Brought to you by guest reviewer Marie-Reine
*Beware of possible spoilers*
Selene is a powerful descendant of the Greek gods. Along with her kind, she lives in a protected and cloaked mansion, watched over and protected by shape-shifting sentinels and a Council of Elders. Due to her illustrious heritage, she is destined to marry another of her rank, Nathaniel. But Selene rebels against the fate that is pushed upon her by her parents and the ruling Council. Instead, she falls in love for a rough and dark tracker, Demetrius, a man below her in rank. But her love turns to hatred when she finds the bloody corpses of her intended, Nathaniel and her father with all the evidence pointing to her dark lover, Demetrius. She is sent forth to destroy the man she loves, the one who taught her everything about tracking criminals. Selene must try to find out the truth despite being surrounded by a scheming Council and the mysteries of her own powers.
Whereas other fantasy authors seem to be focusing on only certain myths and tropes, this author, Kaylie Austen, takes a less frequented mythology and thrusts it in a modern setting. The Mythians, Selene and her kind, come from the Greek gods of Olympus and have clans spread over many different cities. Some descendants have pure bloodlines, like Selene and her family as well as the Council, but others are less pure and are relegated to work to keep the higher classes safe (much like the sentinels and Demetrius). Their powers, however, are not clearly defined which can lead to some confusion. For example, Selene and the other Mythians have fangs which appear when their powers are called forth. And yet, no explanation for this is given. These fangs seem to have no purpose and no real basis in Greek mythology—the Mythians do not feed on blood.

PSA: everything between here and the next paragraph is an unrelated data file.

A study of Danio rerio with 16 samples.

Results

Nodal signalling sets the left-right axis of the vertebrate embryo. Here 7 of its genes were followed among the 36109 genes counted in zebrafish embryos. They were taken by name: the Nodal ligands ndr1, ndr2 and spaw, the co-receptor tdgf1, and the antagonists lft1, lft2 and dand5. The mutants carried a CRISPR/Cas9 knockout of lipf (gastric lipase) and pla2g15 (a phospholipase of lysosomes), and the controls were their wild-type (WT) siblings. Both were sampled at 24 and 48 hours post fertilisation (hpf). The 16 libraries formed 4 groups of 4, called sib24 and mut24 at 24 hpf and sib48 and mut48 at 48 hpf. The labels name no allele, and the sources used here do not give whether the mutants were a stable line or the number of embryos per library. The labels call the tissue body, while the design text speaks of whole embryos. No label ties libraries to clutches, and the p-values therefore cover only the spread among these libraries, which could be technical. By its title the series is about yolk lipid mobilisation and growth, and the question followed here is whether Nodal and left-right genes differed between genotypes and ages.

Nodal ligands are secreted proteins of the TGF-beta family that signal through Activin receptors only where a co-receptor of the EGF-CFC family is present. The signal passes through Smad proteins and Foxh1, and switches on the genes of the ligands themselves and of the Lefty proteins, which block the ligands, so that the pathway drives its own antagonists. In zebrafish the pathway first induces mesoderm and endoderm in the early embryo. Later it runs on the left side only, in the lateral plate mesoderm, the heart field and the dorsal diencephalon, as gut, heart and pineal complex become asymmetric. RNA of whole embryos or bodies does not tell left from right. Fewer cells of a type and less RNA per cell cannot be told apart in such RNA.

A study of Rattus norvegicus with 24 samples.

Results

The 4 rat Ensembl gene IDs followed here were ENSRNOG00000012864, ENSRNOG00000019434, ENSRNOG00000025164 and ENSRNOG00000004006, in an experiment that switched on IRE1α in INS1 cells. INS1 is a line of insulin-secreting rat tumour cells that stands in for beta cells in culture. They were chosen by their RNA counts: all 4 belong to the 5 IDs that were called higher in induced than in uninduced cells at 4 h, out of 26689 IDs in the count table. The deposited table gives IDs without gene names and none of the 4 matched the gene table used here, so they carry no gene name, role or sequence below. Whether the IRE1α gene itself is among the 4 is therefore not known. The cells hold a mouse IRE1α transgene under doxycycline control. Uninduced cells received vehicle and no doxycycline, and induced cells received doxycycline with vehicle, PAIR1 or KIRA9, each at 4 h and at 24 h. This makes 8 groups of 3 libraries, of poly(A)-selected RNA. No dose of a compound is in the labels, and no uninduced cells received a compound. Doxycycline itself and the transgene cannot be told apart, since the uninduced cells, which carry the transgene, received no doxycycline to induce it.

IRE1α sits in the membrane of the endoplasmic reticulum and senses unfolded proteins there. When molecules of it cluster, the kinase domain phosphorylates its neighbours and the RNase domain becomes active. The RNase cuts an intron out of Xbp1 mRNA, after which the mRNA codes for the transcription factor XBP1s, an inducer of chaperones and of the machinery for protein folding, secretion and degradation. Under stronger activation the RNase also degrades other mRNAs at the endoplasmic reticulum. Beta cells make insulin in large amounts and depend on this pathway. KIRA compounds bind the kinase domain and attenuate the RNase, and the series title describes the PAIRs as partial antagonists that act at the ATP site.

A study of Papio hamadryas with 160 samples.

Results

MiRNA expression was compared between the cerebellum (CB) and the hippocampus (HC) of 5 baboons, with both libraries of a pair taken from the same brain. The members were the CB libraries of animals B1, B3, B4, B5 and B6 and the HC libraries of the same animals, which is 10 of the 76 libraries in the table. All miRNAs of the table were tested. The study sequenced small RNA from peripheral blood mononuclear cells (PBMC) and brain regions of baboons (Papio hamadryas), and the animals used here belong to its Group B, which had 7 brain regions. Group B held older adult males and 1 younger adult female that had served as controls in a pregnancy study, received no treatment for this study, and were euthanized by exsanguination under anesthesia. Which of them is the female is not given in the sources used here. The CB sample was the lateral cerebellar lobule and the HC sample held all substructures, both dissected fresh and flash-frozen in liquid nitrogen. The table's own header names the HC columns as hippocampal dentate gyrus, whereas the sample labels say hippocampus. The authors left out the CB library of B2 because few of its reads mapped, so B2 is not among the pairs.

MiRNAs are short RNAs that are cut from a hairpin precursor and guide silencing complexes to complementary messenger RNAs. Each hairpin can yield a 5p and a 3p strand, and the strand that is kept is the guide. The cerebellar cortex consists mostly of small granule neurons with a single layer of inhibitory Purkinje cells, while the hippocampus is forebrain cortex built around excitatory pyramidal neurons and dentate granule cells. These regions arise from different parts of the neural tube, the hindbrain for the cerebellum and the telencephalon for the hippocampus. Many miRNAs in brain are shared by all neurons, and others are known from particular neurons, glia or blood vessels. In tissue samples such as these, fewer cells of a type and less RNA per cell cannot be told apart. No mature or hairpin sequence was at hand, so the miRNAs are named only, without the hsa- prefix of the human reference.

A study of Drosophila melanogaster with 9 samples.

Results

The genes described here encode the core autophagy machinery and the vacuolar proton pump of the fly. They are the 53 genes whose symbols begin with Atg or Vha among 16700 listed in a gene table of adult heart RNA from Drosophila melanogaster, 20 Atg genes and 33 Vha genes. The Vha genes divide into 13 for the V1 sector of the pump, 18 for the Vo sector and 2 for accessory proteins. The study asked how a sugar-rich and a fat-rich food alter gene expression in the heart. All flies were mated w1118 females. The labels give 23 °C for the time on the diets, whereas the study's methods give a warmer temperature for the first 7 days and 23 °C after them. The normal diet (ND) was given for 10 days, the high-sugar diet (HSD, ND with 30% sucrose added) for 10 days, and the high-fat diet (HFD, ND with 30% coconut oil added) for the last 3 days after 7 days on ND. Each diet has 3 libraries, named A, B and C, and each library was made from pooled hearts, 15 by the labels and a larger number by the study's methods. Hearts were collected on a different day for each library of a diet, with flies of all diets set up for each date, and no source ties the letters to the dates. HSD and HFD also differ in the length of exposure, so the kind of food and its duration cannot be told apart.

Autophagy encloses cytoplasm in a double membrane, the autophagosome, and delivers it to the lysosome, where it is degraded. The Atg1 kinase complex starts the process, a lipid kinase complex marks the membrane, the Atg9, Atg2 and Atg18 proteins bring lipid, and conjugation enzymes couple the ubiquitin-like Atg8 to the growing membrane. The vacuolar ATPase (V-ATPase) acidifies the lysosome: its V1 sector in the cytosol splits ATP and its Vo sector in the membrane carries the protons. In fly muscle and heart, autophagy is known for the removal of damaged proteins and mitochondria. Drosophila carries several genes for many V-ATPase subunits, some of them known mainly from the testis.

Other inconsistencies pepper this book, weakening the plot and beleaguering the reader. There are frequent grammatical or syntactical errors, presumably missed during the editing process. At times, it also seems that certain plot points are given little attention or even completely skipped over in the narration. This can be confusing since these are important to the main storyline. Austen also switches between a formal tone in her dialogues and in Selene’s narration to more modern speech patterns and colloquialisms. However, this is not done with any consistency or sense of purpose. In the case of Selene, this is especially exasperating since she is the narrator of this story. Rather than making her seem multi-faceted or complex, this flip-flopping leaves her unbalanced and sloppily presented. Furthermore, the overall tone suffers and seems scattered and unfocused.
Though the fantastical universe this book creates is intriguing, it suffers from many technical mistakes and irregularities in the voice of the characters. In turn, this makes it difficult for the reader to be fully invested in the characters or to care about their fate. No sequel has been announced officially, but the ending leaves some things unresolved and hints at a continuing journey for Selene and Demetrius.